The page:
Aussie school students have been ditching Year 12 maths, according to new research.
Only around 30 per cent of Year 12 students are taking intermediate or high-level maths. Only 7 per cent are girls while 12 per cent of boys study advanced maths.
Top actuaries David Barnesm, Martin Lulcare and Margarita Psaras said low participation rates in maths may “perpetuate systemic inequalities” that require a public policy response.
This means that the gap between those in lower socioeconomic conditions and those at the top may grow larger.
In a research note they said low levels of participation, and the fact maths subjects are not a priority in Australian schools, mean that the adverse implications for individuals and society in general, are serious.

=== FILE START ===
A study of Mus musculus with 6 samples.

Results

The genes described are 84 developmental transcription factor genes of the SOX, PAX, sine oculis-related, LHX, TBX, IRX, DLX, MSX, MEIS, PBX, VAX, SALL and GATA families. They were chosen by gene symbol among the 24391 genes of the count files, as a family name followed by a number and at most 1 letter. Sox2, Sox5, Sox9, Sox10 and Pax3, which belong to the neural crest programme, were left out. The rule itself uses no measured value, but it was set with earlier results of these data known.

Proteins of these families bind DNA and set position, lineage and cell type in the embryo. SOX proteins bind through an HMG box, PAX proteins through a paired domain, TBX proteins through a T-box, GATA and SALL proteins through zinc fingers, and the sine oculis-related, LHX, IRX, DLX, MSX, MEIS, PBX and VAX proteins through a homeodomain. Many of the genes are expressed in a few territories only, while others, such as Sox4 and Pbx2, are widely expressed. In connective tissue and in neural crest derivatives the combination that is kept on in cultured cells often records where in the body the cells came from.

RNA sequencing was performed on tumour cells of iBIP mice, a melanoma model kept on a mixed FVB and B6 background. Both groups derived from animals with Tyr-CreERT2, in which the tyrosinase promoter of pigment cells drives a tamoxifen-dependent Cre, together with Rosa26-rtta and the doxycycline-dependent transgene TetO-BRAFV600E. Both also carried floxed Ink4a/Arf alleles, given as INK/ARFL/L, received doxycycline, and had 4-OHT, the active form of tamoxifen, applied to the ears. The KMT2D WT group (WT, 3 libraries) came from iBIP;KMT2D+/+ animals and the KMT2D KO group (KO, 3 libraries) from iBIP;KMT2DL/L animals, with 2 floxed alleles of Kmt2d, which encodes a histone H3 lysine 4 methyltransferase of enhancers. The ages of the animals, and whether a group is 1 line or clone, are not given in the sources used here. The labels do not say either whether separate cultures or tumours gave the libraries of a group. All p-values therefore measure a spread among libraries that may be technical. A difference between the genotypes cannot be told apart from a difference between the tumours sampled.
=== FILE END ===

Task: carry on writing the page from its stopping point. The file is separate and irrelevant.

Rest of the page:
“Actuaries solve the practical problems of managing risks using high level maths, statistics, economic and financial analyses,” said Actuaries Institute CEO, Elayne Grace.
The research found that as participation rates in maths continue to drop, students risk widening socio-economic inequalities in society.
“It is disappointing that as many as 25 per cent of Year 12 students in NSW are not studying any mathematics,” the research said.
“Of great concern is the disparity between males and females: only approximately 7 per cent of Australian female students in Year 12 study higher maths subjects, compared with around 12 per cent for males.”
The research said the Government may be forced to step in to enact some policy change to ensure students learn maths.
“The consequences of declining higher maths participation in school will be far-reaching,” it said.
“Participation in higher maths study is lower for girls than boys and performance in mathematics is lower in low socioeconomic (SES) communities than high SES communities.
“Hence, school level mathematics study may perpetuate systemic inequalities that policymakers are addressing in other areas.”